The First Stages of a Mini Stroke: Learn about Mini Stroke Symptoms
Not everyone who exhibits stroke symptoms is having a regular stroke. Some people are actually having a mini-stroke or a TIA. Learn more about what a mini-stroke is, how to tell if you are having one, and how undergoing a cardiovascular evaluation to assess your risk for strokes and heart disease can help reduce your risk of having a mini-stroke.
What is a Mini Stroke?
Mini-strokes are the body’s way of warning you that you are at risk of experiencing a much more serious, and potentially life-threatening, health problem. They occur when the blood supply to the brain has been temporarily interrupted. Interrupting the flow of blood to the brain can cause you to experience problems with speech, vision, and mobility.
What are the Symptoms of a Mini Stroke?
Just like chest pains are associated with heart attacks. There are symptoms that are associated with mini-strokes.
Symptoms commonly associated with a mini-stroke include:
- Drooping of the face or area near the eyes
- Weakness in the arms
- A numbness that occurs in one or both arms
- Difficulty with speech
- Extreme dizziness
- Difficulty talking or forming words
- Sudden problems with swallowing
- Sudden onset of a headache
A person who is suffering from a mini-stroke may experience all of these symptoms or only a few. It really depends upon what part of the brain is impacted by the temporary interruption in the flow of blood.
If you believe you are suffering from any of the symptoms of a mini-stroke, it is important that you seek immediate medical attention. Seeking immediate medical attention is important because mini-stroke symptoms are the same as the symptoms of a regular stroke. A healthcare professional will be able to identify if you are having a mini-stroke or a regular stroke and provide you with appropriate medical care.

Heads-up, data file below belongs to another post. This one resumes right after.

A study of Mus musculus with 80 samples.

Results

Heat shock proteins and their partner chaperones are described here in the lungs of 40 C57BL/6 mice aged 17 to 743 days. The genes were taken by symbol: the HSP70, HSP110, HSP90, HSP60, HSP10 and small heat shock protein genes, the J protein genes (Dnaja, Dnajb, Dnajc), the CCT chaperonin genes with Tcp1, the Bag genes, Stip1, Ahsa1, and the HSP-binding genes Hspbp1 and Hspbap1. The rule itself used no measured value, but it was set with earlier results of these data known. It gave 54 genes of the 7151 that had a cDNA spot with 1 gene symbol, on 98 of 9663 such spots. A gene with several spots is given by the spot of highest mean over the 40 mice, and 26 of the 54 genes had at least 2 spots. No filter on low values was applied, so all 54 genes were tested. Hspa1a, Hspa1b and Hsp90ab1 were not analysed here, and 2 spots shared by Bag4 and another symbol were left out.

What is the Difference Between a Mini Stroke and a Regular Stroke?
The only difference between a mini-stroke and a regular stroke is the damage that each one causes to the body. A person who experiences a mini-stroke will not experience any lasting problems or side effects while a person who suffers a regular stroke often experiences some form of permanent disability.
Take Preventative Measures to Reduce Your Risk of Experiencing a Mini Stroke
Some people, such as those with high blood pressure, high cholesterol, or diabetes, have a greater chance of experiencing a mini-stroke or a regular stroke. Luckily, there are things you can do, such as taking certain medications and making certain lifestyle changes, which can reduce your risk of having a stroke.
Wondering if you are at risk for having a stroke? Call Tri-City Cardiology to schedule an appointment for a cardiovascular evaluation. Our skill physicians will assess your risk and help you come up with a preventative care plan that helps reduce your risk of experiencing a stroke or cardiac problems. Call our office today to schedule an appointment.